I am slowly figuring out who I am again. Or maybe I am leaning into who I actually am. I am not quite sure, yet. I am working on it. It has been almost two years since I received a diagnosis no one ever wanted to hear. Almost a year since I went through something so traumatic that it almost took my life. I often wondered how people that have such a diagnosis carried on in remission. Did they worry? Did they not care? Did they lean on their faith? I am learning that as a survivor you do all of those things. There are days when I know that God kept me here for a reason; and that I am not done, yet. Then, there are days where I cry my eyes out for fear that I will someday leave my daughter too soon. That is the fear: leaving her in this world without me.
Since going back to work a year ago, I gained
a newfound love for what I do. It came with
a promotion and a great sense of accomplishment. I can say that for the first time in my adult career, post undergrad, I actually feel like I have a work-life balance. Sure, I am tired most days, due to the meds l continually take, but it is a good tired. The side effects from the medications are starting to taper off, and I actually have energy to leave my house on weekends. No one tells you that there are days that you will feel like you cannot get out of bed. It sounds like an exaggeration, but I assure you it is not. It physically and emotionally hurts to get out of bed some days. There was and is a real depression. A depression that can take you to dark places, if you let it. I had to be honest with myself that something was wrong. I had to get it out. I remember telling my colleague when I was first diagnosed that I was going to just get through this, not let it define me, keep my head down, push through, and act as if it never happened. That is not what happened. I was forced in so many ways to be honest with myself that I was terrified. I was forced to share with my family that I was terrified. When I told my parents, I downplayed it. I wanted them to think I was okay, so that they would be okay. I am my mom's only, my dad's oldest, and I had to keep it together for everyone. I have a daughter who was only six and a husband who I now know was really in complete shock. We have this life, a household, and a child in private school, which means a lot is expected. We had work events, social events. How is all of this supposed to change now? It had to change.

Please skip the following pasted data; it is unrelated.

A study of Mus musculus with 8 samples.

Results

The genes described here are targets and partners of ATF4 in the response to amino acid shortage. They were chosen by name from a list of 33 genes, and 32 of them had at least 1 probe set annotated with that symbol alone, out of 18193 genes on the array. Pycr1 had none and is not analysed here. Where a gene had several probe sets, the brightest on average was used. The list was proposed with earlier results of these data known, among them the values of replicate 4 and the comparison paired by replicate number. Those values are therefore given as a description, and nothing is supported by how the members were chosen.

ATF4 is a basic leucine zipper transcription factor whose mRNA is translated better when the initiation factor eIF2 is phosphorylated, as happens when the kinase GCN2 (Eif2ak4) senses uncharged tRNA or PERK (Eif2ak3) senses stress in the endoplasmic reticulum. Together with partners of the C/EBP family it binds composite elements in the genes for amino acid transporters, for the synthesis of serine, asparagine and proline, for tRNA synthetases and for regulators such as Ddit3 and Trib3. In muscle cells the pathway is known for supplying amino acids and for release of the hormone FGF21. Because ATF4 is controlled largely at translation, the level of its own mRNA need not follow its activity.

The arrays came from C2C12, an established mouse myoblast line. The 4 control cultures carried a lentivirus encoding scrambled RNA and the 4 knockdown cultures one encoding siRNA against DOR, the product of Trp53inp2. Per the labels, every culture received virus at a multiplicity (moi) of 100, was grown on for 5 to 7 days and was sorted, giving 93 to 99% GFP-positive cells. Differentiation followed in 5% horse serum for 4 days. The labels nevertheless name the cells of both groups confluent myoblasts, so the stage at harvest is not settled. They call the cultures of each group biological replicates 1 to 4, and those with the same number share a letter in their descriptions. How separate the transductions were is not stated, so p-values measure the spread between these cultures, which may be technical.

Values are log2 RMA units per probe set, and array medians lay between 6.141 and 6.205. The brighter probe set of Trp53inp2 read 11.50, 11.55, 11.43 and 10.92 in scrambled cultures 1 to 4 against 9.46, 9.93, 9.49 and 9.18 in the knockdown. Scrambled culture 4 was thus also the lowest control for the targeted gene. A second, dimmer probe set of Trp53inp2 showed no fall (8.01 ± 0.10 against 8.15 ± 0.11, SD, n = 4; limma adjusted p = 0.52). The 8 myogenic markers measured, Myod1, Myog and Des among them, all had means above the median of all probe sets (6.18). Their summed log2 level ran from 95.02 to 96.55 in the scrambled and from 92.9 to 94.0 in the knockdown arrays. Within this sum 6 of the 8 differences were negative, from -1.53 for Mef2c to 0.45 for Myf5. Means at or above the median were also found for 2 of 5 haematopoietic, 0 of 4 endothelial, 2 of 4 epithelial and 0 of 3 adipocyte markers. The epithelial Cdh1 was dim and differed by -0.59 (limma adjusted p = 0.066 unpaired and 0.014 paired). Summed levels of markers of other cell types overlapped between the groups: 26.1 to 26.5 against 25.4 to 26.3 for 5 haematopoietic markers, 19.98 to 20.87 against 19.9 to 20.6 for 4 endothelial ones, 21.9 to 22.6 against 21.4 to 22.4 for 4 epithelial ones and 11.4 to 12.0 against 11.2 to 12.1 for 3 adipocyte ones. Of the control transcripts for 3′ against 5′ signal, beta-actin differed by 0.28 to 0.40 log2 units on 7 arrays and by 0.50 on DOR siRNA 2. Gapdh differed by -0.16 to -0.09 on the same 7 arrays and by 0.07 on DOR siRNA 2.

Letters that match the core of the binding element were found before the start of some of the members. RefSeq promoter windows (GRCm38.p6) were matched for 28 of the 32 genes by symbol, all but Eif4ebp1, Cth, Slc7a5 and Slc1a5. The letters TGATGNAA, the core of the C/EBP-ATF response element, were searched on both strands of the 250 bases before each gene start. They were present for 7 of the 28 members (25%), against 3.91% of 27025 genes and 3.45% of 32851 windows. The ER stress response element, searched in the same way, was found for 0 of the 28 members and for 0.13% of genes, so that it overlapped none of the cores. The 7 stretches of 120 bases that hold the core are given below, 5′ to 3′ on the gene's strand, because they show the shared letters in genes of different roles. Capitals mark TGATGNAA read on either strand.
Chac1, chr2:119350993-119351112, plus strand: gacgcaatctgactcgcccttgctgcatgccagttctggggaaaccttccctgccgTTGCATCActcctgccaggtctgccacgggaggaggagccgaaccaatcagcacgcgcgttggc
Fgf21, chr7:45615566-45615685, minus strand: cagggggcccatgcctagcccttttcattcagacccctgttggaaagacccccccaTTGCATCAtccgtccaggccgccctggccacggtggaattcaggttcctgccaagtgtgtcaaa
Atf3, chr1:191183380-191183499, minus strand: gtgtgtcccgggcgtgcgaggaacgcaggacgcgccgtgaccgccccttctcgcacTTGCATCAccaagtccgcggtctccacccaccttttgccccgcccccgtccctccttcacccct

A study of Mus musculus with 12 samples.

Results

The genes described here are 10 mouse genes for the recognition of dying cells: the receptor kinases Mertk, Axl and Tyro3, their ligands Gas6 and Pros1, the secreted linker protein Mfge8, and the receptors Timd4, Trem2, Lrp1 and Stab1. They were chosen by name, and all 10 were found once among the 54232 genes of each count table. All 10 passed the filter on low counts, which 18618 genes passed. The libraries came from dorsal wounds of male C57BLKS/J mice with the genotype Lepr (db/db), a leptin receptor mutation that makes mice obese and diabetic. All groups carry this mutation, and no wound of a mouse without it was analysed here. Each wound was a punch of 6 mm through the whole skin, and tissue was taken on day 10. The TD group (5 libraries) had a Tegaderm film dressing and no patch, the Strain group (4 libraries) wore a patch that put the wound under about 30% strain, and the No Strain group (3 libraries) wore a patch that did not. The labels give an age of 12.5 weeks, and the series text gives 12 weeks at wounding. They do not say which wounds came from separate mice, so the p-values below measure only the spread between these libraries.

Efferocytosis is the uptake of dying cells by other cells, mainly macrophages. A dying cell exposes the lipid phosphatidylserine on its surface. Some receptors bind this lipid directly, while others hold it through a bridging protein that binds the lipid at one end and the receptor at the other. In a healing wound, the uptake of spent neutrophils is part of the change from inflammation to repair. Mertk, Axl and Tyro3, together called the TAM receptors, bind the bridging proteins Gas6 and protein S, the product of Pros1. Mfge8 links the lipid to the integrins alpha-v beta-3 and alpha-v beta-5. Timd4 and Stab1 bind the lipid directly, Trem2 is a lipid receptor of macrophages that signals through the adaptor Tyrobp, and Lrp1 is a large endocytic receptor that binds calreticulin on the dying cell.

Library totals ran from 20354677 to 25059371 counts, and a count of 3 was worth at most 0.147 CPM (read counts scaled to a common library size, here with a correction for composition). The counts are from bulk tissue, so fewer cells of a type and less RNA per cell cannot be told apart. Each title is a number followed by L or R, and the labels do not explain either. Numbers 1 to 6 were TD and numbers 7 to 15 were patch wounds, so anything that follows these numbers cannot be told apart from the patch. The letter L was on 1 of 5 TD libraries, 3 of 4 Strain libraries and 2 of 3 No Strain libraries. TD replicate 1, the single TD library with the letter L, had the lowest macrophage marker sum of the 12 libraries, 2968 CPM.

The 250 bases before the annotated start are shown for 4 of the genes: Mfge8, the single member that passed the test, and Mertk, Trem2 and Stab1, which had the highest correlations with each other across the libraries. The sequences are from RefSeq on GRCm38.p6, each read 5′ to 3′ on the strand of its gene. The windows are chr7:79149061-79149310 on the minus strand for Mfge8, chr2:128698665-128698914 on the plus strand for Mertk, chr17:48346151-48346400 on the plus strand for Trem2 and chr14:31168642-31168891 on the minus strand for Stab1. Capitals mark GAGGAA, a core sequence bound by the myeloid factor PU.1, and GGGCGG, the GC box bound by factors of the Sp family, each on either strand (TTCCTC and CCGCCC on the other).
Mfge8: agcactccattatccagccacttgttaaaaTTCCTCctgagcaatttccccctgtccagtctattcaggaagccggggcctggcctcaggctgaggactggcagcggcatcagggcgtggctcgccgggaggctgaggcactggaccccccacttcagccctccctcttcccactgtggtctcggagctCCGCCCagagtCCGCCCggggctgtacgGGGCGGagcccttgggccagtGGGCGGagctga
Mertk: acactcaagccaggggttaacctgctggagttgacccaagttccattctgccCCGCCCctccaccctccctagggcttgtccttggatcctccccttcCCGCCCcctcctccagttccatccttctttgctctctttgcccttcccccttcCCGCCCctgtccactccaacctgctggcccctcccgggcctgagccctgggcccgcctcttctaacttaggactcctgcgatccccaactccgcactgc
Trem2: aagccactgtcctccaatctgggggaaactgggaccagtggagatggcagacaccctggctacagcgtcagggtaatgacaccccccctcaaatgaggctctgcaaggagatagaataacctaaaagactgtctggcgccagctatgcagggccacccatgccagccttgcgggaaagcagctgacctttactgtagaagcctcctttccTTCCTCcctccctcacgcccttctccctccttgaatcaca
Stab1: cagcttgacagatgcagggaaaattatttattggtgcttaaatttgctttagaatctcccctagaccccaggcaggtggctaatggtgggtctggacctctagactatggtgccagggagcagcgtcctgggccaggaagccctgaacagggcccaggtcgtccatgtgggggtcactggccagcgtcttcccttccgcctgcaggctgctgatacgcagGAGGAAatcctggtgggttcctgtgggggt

In April of 2019, I went on a cruise to the Bahamas with my cousin. She had another ticket, and I thought it would be great to get away. Also, it was April, so it was a year prior that I had been diagnosed. I thought I could party, like it was 1999 and be okay. The trip was amazing. I had fun talking with my cousin, but I was not okay. I came home from my trip and totally ignored my family. I hardly talked to my husband. I acted like he did something wrong. If I stayed angry at everyone, then I would not have to sit and deal with my feelings, right? I could just blame it all on him. I had been home for about a week and just did not speak to him. I remember coming out of the shower and walking into my living room, looking for my slippers. He sat at the dining room table, and I just fell apart. I do not know what was said. I just lost it. He got up, he held me, and said, “I knew this was coming”. He saw my breakdown before I even realized what I was doing. I have a Masters in Psychology Counseling, and I never once thought that anything was wrong. I realized in that moment that I had never been completely emotionally vulnerable with my husband. I would always let him know when something or someone upset me, but not when I felt emotionally out of control.
After this, I knew that I needed to do something about the way that I felt. At this time, I was literally in bed from Friday, after work, until Monday, when I had to go back to work. I went to my physician, and my husband went with me. We decided on therapy and an antidepressant. Yes, I take an antidepressant. It is needed. It is not a fix. It is an addition to my therapeutic plan. It has helped, but it has taken some getting used to. It does not take away what I feel. It helps me cope, and therapy helps me talk it out with someone impartial. Most days, I am good. I have not had a very emotional day until today. One month from today, in 2018, I was diagnosed with breast cancer, and I was devastated. The emotions are beginning again because my body remembers the trauma; the emotional and the physical trauma that I went through. I will not rehash that here, but you can read my earlier posts about my journey. I am dealing pretty well. I think I will have an emotional couple of months, while these memories come back. However, I am learning that I cannot be afraid anymore. I focus more on being healthy and being there for my family. I spend more time at home with my husband and my daughter. My sister has moved to the area, so that helps me more than she realizes. I am getting there. I know this is a long road, and for anyone who is going through anything similar, it is going to be okay. The best advice I have had so far came from a woman I was in a survivor's exercise class with. She has been cancer free for almost 15
years. I asked her how she coped with wondering if it would ever come back. She said, “I don't worry about any of that. It will drive you crazy. Focus on the love you have, focus on the life you have, and do everything to stay healthy, mentally, emotionally, and physically. It will all be okay. We will be alright”. I stopped worrying. I need to be present and live my life as I am supposed to. I am growing.